Some hatcheries use hatchers that automatically perform eggshell temperature measurements, necessary calculations, and adaptations without opening the incubator doors. If your hatchery does not have devices in its incubators, there is the alternative of measuring the temperature of the eggshell manually and achieving optimal results with little damage to the embryos.
AUTOMATIC MEASUREMENTS OF EGGSHELL TEMPERATURE
The measuring device comprises a set of infrared eggshell scanning units and an intelligent control system containing the algorithms. Typically, three eggshell scanning units are installed in one incubator. They are placed in three different places on a cart to offer a wide reading of samples.
Each of the eggshell scanners uses infrared sensors to capture the exact temperature of the eggshell at four adjacent locations. The beams from the infrared sensor are designed to ensure that the egg’s internal air chamber does not influence temperature measurements.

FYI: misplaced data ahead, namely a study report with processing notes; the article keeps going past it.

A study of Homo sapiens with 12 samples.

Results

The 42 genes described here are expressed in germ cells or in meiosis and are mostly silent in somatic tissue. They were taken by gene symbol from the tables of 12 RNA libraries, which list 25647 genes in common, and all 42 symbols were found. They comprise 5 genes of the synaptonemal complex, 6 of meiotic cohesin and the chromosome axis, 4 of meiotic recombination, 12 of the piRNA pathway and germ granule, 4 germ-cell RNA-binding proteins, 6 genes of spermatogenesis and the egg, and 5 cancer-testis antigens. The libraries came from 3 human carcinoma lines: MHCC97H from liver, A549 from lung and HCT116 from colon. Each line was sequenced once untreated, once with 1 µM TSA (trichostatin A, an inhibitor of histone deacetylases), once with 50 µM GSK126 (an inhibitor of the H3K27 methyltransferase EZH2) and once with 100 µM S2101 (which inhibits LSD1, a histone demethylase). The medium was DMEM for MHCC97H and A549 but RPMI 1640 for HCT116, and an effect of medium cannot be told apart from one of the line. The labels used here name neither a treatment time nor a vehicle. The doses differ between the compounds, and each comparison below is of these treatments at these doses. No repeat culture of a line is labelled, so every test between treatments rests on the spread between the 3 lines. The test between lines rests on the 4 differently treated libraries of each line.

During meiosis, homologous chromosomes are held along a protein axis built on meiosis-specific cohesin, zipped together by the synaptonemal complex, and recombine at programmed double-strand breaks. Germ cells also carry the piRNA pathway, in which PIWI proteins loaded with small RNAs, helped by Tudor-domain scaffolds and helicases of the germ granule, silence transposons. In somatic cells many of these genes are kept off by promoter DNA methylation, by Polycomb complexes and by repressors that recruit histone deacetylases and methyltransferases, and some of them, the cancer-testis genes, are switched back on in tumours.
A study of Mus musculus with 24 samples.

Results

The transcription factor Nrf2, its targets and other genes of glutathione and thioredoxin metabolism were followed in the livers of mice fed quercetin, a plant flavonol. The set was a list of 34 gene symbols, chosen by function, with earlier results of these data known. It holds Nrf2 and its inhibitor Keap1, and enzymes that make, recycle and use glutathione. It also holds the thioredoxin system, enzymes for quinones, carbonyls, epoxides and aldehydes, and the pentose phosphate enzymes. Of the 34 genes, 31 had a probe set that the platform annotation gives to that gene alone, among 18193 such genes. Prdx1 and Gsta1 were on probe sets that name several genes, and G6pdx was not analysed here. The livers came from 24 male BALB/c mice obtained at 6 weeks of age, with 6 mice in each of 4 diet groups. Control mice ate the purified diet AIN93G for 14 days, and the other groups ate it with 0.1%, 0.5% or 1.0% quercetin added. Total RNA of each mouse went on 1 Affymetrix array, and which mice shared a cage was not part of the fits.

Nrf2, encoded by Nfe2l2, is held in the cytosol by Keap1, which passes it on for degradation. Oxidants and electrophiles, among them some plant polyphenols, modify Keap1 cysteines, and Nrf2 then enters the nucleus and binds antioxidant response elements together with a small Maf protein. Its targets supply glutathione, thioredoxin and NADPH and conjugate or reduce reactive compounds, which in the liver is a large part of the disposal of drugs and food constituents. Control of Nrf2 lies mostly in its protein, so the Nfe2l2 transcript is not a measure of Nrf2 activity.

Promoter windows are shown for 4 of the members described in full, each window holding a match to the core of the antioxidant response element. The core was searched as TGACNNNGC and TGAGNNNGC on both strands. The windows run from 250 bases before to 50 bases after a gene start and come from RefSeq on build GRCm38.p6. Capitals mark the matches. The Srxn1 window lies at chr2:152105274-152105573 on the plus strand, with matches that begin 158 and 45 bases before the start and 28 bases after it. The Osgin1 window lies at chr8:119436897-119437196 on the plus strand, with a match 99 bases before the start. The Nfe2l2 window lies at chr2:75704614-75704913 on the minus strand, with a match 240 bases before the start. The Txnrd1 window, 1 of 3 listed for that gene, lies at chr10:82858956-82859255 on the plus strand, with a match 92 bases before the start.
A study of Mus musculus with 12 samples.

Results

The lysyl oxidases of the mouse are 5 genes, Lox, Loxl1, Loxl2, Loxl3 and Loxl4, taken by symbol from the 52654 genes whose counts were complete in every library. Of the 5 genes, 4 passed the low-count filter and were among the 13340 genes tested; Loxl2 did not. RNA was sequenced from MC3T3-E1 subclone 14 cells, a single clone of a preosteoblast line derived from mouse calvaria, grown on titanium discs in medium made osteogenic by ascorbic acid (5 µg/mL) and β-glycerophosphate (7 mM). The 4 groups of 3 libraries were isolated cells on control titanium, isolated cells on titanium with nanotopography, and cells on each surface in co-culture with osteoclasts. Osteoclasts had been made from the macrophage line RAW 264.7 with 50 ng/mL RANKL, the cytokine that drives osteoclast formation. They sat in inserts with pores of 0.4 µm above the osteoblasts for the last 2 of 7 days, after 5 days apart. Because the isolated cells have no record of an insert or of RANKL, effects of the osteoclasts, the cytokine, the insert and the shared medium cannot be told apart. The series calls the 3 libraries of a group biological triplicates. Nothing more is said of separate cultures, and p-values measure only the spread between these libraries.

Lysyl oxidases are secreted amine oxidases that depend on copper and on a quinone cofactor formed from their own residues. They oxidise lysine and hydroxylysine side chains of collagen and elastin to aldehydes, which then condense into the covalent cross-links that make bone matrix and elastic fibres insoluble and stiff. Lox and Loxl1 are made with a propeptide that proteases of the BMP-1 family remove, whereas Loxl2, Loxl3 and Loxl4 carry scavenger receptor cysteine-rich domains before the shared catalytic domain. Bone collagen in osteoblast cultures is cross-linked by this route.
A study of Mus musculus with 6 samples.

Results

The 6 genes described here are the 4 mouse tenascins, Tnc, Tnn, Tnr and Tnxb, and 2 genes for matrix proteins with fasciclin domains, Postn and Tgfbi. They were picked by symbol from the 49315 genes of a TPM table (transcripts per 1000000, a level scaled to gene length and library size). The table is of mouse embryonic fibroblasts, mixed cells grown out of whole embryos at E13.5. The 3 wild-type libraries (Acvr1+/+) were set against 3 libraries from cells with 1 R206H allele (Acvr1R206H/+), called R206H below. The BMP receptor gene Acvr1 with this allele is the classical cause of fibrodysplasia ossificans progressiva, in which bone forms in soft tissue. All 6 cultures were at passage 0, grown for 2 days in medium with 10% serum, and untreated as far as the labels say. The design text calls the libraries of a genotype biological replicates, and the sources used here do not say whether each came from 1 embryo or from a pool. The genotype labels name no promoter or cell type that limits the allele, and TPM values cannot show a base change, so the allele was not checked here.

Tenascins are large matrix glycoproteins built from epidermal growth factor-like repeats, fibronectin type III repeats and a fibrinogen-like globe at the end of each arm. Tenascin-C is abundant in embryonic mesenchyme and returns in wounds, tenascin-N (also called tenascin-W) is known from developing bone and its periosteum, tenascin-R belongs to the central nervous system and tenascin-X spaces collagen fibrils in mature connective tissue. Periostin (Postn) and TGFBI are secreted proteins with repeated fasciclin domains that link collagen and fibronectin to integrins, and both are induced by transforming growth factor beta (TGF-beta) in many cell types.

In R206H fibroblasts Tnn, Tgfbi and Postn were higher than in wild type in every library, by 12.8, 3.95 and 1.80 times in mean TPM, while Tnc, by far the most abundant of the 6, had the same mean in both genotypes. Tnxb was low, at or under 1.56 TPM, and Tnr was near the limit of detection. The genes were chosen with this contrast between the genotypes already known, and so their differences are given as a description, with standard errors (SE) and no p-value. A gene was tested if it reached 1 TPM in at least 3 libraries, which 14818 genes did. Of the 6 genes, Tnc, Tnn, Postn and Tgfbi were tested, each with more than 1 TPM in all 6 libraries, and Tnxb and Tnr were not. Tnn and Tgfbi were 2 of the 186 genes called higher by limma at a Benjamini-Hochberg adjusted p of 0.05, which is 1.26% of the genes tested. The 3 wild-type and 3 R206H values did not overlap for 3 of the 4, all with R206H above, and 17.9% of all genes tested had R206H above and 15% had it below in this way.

Thanks to this technology, automatic measuring devices make accurate temperature readings, regardless of the egg’s size. Furthermore, the algorithms introduced into the control system consider the expected temperature limits and compensate for infertile eggs. This ensures that measurements are error-free under any circumstances.
Although such manual measurements of eggshell temperature do not offer the same precision and ease as a specific monitoring system, it is an acceptable alternative if performed in a controlled manner and with precise equipment.
Here are the things you should do and don’t for the manual eggshell temperature measurements:
The incubator must be loaded in a balanced way. An excessive mix of batch types, ages, storage times, etc., makes it practically impossible to find average environmental conditions suitable for all eggs.
Use only suitable infrared thermometers that are in good condition and are checked regularly. Today, there are many infrared thermometers on the market, but only a few are suitable for this procedure. Many medical thermometers are not adequate for the incubator environment conditions and are not calibrated for the egg surface’s emissivity.
It is not recommended to open the incubator door constantly or leave the door open for a long period of time. However, running short checks in specific periods has no adverse effects. With this in mind, it is important to identify sample points (both on trays and carts) that are representative of conditions and are easily accessible. Choose high, medium, and low sample points and be aware of high, low, and medium readings.